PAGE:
There have been calls to reopen police inquiries after the BBC revealed new evidence in the racist murder.
There have been calls to reopen police inquiries into the racist murder of Stephen Lawrence after a BBC investigation uncovered new evidence.
Barrister Michael Mansfield, who has represented the family, said it was still possible to put remaining suspects on trial.
Baroness Doreen Lawrence, Stephen’s mother, said it was “infuriating” no officers had suffered consequences.
There should be “serious sanctions” for the failed investigation, she said.
A BBC investigation for the first time named Matthew White as a suspect in the 1993 murder in Eltham, south-east London. Five prime suspects were previously known, and two were convicted in 2012. White died in 2021.
The BBC found that witnesses had said White told them he had been present during the attack, that evidence showed his alibi was false, and that police surveillance photos of White showed a resemblance to eyewitness accounts of an unidentified fair-haired attacker.
Evidence also revealed more mistakes by police, raised questions over the Metropolitan Police’s decision to stop investigating in 2020, and further implicated suspects who are still alive.
Mr Mansfield told BBC Radio 4’s Today programme that White “should have been and could have been charged” before his death.
Evidence implicating other suspects – including one witness who said White had admitted he was present and had named others in the attack – could still be used against them, the barrister said. “It’s possible to put them on trial in this matter,” he said.
Tory MP Sir Peter Bottomley, who represented Eltham at the time of the murder, told Radio 4’s the World At One the BBC investigation showed the crime “would have been solved within hours” if the police had given proper attention to the eyewitness evidence from Duwayne Brooks, Stephen’s friend who was with him at the time of the attack.
He said the police also needed to explain the “unjustified decision” to remove Clive Driscoll, the senior detective who had convicted two of the suspects, from the case.
Mr Brooks, who gave police a description of the lead attacker which resembled White, said: “I never received the basics of support because of my skin colour. Police forces and other criminal justice agencies need to know that their treatment of victims and witnesses must be at minimum what is set out in the victims code.”
Baroness Lawrence said in a statement that the BBC’s revelations of new failings by the Met Police were “shocking but unsurprising” after 30 years in which mistakes in the investigation have been laid bare.
“What is infuriating about this latest revelation is that the man who is said to have led the murderous attack on my son has evaded justice because of police failures and yet not a single police officer has faced or will ever face action,” she said.
“It should not have taken a journalist to do the job that a huge, highly resourced institution should have done.”
She said only when police officers lose their jobs for such failings can the public be reassured that incompetence will not be tolerated.
“The failure to properly investigate a main suspect in a murder case is so grave that it should be met by serious sanctions,” she said.
The Independent Office for Police Conduct, which investigates serious allegations against the police, said it is still waiting after more than two years for prosecutors to decide whether four former officers should face charges of misconduct in a public office over their handling of the case.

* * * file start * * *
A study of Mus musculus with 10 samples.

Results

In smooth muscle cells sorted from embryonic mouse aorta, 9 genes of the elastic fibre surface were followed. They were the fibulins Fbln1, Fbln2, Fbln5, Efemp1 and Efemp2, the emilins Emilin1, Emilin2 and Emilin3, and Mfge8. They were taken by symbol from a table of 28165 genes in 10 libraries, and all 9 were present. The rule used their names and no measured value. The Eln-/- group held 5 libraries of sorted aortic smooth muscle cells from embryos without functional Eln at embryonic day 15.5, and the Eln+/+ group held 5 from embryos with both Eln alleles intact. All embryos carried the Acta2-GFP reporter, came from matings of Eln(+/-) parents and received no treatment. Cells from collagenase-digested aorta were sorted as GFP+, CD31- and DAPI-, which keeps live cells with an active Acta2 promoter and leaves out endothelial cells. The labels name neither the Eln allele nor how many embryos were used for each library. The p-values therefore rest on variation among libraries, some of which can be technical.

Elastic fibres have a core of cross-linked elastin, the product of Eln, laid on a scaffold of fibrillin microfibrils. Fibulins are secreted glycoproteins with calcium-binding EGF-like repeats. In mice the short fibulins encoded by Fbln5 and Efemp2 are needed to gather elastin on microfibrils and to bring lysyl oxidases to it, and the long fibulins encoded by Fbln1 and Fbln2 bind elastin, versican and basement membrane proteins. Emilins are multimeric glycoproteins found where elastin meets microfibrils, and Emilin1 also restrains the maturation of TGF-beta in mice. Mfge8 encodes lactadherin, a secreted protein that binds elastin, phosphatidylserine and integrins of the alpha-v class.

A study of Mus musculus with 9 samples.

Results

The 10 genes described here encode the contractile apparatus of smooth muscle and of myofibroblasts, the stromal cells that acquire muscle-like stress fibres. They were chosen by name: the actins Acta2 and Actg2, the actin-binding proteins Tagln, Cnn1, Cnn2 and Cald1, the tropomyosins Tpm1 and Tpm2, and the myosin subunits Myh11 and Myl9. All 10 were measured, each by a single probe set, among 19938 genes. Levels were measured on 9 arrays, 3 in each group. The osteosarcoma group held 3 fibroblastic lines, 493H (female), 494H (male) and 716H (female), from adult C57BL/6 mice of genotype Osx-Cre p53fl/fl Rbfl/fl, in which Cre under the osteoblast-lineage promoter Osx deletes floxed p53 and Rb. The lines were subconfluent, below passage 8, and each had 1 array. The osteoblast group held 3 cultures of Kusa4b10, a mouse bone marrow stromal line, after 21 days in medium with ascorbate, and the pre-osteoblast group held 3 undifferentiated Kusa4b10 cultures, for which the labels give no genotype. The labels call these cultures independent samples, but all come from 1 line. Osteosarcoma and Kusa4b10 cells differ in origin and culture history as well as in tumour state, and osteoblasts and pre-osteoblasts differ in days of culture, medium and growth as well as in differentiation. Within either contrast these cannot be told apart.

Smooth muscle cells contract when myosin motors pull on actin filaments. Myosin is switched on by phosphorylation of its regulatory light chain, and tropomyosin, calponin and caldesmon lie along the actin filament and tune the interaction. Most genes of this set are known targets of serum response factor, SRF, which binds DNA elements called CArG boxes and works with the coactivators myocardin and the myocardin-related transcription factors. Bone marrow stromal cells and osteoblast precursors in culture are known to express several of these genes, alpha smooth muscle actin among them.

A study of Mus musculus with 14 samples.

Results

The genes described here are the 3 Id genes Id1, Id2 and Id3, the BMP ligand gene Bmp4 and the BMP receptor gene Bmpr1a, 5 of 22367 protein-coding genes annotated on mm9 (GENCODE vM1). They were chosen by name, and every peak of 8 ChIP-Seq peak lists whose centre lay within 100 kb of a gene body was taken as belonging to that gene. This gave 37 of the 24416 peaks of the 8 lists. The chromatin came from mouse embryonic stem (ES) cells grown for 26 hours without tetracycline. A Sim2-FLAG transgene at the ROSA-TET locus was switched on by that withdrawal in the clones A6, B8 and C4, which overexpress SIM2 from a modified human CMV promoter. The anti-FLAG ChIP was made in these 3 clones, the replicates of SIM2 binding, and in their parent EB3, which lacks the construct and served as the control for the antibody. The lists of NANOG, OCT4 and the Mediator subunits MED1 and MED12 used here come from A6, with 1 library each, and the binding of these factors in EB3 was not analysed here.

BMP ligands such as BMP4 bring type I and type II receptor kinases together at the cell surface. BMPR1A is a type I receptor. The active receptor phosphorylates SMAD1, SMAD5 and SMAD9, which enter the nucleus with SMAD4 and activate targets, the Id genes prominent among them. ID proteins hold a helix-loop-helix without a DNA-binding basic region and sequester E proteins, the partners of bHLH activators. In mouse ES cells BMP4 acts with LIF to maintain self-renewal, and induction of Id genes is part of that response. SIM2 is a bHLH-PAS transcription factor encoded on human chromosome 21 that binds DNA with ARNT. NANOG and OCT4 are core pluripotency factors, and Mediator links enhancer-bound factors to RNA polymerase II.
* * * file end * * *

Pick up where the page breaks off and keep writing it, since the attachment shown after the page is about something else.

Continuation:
The Crown Prosecution Service said more material has been provided since the file was handed over.
London Mayor Sadiq Khan told broadcasters: “If there’s evidence of failings, of misconduct, it’s really important action is taken.”
He said he welcomed the police’s assurance that they would investigate any new information, following the BBC’s revelations.
Mr Khan said: “This investigation wasn’t done by police officers, it was done by journalists. This stuff should have been known by police officers 30 years ago, not journalists 30 years later.”
Labour’s shadow home secretary Yvette Cooper said it was “concerning” that prosecutors had been examining the file on possible police misconduct for years and said decisions on this and any further necessary investigations should be made urgently.
“The Lawrence family have already endured so much injustice, they should not have to keep waiting for answers and action,” she said.
Jack Straw, who as home secretary ordered a landmark public inquiry into the case, said he was “frankly astonished” that evidence uncovered by the BBC was available at the time but was never brought to him or to the head of the inquiry, Sir William Macpherson.
He told BBC Radio 4’s PM programme that it was clear to him some “corrupt officers” had been withholding information.
Det Ch Insp Andy George, president of the National Black Police Association, said there was “certainly a case” to reopen the investigation into the murder.
“I don’t think it should have ever been closed and I think it’s a stain on the Metropolitan Police that it was,” he told LBC News.
“I think it needs to be taken on by an external force and it needs to be looked at by them. Somebody else needs to come in now, and not only review it but follow on with those investigative lines.”
In response to the BBC investigation, the Met took the almost unprecedented step of naming White as a suspect. The force apologised again for its handling of the case.
It said the failure to trace one key witness, a relative of White, for 20 years was a “significant and regrettable error”.
New evidence about the murder of Stephen Lawrence, uncovered by BBC investigative reporter, Daniel De Simone.